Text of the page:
This is the true story of British Hollywood columnist Sheilah Graham (Deborah Kerr, The End of the Affair) and her turbulent relationship with American author F. Scott Fitzgerald (Gregory Peck, To Kill a Mockingbird). They met and fell in love in 1936 and their affair continued until the author’s sudden death of a heart attack in 1940.
Reaction & Thoughts:
Directed by Henry King (The Song of Bernadette) from a script by Sly Bartlett (Twelve O’Clock High) based upon Sheilah Graham’s memoirs, Beloved Infidel is a glossy, but ultimately emotionally unsatisfactory fact-based melodrama.
Beloved Infidel does have a touch of A Star is Born that I liked; Graham’s career rises as Fitzgerald’s career collapses. This time around the familiar scenario has a voyeuristic element because we are dealing with well-known, real-life people.
It’s also fun to see Hollywood in the 1930s. Names have been changed, but if you know your Hollywood trivia you won’t be fooled — Eddie Albert (Roman Holiday) and Karin Booth (My Foolish Heart) play thinly-disguised versions of humorist Robert Benchley (I Married a Witch) and actress Alice Faye (In Old Chicago) respectively. I have to say that I’m really surprised that the Production Code allowed the film to be made — this is essentially the story of a married man and his mistress.
In her 1985 book Hollywood Revisited, Sheilah Graham talked about her displeasure with the film. Her main point of contention was the casting. She thought Deborah Kerr was too lady-like to play her. She was also very unhappy with Gregory Peck’s performance (she wanted Richard Basehart, He Walked by Night).
First, I agree with her about Peck; he is all wrong as Fitzgerald. Peck is just too grounded to be convincing as the shaky, weakly alcoholic author. His drunken scenes aren’t believable — these scenes are funny rather than disturbing. Peck himself said that he had given a bad performance and I agree; this is the very first time I see Peck struggle badly.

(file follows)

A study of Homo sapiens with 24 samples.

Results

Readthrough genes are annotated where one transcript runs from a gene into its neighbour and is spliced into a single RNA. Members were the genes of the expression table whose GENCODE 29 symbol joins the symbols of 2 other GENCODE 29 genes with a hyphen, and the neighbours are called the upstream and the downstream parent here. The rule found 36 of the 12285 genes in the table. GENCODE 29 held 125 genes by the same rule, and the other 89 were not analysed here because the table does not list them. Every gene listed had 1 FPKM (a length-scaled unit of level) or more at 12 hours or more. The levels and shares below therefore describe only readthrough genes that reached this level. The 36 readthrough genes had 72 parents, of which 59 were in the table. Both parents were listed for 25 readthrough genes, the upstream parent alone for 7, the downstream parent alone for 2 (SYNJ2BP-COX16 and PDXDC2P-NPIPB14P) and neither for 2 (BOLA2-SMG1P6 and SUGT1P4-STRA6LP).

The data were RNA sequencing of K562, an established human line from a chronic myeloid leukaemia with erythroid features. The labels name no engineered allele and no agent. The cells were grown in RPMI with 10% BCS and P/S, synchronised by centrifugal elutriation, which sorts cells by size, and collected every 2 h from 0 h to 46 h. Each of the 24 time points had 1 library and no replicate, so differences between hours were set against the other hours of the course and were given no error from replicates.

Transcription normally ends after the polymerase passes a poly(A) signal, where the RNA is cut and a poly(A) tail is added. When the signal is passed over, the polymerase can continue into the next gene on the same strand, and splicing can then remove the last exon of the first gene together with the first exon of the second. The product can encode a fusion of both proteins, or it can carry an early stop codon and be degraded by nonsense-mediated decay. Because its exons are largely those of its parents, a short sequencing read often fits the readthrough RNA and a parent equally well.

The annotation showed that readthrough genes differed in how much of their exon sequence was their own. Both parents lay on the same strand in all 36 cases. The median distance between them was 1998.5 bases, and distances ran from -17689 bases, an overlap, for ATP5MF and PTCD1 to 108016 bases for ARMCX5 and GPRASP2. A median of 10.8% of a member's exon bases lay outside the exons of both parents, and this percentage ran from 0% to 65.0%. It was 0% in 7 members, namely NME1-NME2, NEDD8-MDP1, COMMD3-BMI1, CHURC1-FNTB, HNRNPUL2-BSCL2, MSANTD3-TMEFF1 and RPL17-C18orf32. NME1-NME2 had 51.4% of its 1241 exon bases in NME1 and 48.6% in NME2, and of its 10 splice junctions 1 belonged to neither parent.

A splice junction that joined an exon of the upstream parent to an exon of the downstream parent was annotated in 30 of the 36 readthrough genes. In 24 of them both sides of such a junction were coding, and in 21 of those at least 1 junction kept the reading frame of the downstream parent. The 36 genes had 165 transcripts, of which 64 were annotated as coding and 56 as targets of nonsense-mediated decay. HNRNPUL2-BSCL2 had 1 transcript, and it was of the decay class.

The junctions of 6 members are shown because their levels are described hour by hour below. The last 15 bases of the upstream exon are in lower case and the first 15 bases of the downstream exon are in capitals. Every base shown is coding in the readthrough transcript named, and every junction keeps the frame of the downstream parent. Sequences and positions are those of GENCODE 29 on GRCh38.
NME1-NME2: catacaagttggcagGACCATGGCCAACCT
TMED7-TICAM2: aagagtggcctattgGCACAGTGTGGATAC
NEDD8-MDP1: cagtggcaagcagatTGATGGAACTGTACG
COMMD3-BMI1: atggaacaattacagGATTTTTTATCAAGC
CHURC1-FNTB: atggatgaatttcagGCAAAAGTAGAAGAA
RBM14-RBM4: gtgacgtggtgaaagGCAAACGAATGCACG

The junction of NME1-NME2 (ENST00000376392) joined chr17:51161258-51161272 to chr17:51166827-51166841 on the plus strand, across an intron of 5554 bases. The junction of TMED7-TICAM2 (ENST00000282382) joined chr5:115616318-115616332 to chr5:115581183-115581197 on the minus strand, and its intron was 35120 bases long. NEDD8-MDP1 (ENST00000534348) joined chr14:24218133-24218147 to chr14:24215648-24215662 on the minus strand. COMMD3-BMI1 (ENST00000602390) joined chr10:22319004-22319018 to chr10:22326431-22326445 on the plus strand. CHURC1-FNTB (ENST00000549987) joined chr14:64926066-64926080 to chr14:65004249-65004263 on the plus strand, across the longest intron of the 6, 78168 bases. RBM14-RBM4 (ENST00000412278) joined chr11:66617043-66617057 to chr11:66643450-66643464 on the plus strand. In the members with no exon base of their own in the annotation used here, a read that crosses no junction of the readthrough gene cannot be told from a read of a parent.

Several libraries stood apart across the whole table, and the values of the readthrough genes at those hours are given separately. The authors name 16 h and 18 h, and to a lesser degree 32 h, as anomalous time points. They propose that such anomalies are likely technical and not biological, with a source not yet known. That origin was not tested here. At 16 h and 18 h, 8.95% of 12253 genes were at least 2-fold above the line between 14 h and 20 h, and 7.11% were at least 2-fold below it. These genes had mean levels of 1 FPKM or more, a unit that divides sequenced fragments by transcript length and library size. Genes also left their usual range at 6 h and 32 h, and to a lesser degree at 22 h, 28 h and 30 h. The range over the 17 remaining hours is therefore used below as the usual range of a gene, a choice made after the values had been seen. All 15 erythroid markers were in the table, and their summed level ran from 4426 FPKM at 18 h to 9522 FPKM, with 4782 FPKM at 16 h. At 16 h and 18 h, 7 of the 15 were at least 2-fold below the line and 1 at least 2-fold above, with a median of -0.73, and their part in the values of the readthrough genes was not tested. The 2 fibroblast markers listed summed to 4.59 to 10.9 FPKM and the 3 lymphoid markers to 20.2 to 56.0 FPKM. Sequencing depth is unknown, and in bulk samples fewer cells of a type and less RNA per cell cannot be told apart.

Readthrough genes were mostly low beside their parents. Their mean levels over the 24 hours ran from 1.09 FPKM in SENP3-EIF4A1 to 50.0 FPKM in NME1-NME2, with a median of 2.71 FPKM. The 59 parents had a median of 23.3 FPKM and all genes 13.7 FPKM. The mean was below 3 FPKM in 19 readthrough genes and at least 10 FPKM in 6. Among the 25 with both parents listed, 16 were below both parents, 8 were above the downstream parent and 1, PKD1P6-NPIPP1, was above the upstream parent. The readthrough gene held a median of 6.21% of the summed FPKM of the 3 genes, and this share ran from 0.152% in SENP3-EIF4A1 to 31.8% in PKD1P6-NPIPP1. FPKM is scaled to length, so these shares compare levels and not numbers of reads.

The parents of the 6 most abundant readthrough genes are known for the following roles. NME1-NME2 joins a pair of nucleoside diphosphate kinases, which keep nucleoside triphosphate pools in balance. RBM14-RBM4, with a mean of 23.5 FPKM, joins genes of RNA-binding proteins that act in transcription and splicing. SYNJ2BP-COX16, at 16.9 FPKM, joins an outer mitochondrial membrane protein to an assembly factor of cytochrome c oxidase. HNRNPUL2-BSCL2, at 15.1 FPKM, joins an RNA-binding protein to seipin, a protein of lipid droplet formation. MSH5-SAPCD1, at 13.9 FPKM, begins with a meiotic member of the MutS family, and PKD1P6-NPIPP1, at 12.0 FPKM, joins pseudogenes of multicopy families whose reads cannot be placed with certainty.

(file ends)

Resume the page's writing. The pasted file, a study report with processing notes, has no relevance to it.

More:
On the other hand, I thought Kerr was very good. Beloved Infidel is told from her character’s perspective and she does a good job drawing the viewer into her world. I do see Graham’s point. The columnist was known for her snide remarks and Kerr is just too elegant, too refined to properly exude Graham’s famous sarcasm. But Kerr does convey beautifully the desperation of a woman in love with a helpless addict — the lady defines the phrase “grace under fire.” Kerr’s fine performance overrides the clunky script and makes us care about her character’s problems.
Flaws notwithstanding, Beloved Infidel looks and sounds great. The film was shot by celebrated cameraman Leon Shamroy (The Black Swan and Cleopatra) in CinemaScope (it’s a beautiful-looking movie!). Franz Waxman (Sunset Boulevard and A Place in the Sun) wrote the soothing music score. The appropriately romantic title song was written by Waxman (music) and Paul Francis Webster (lyrics).
Conclusions & Final Thoughts:
20th Century Fox’s Beloved Infidel tries to follow in the footsteps of Love is a Many-Splendored Thing and An Affair to Remember (all three movies were produced by Fox), but it doesn’t quite make the grade. That being said, Kerr is very good and the film’s subject matter will be of great interest to many people. Color, 123 minutes, Not Rated.
P.S. This is my contribution to The Deborah Kerr Blogathon, hosted by Maddy Loves Her Classic Films.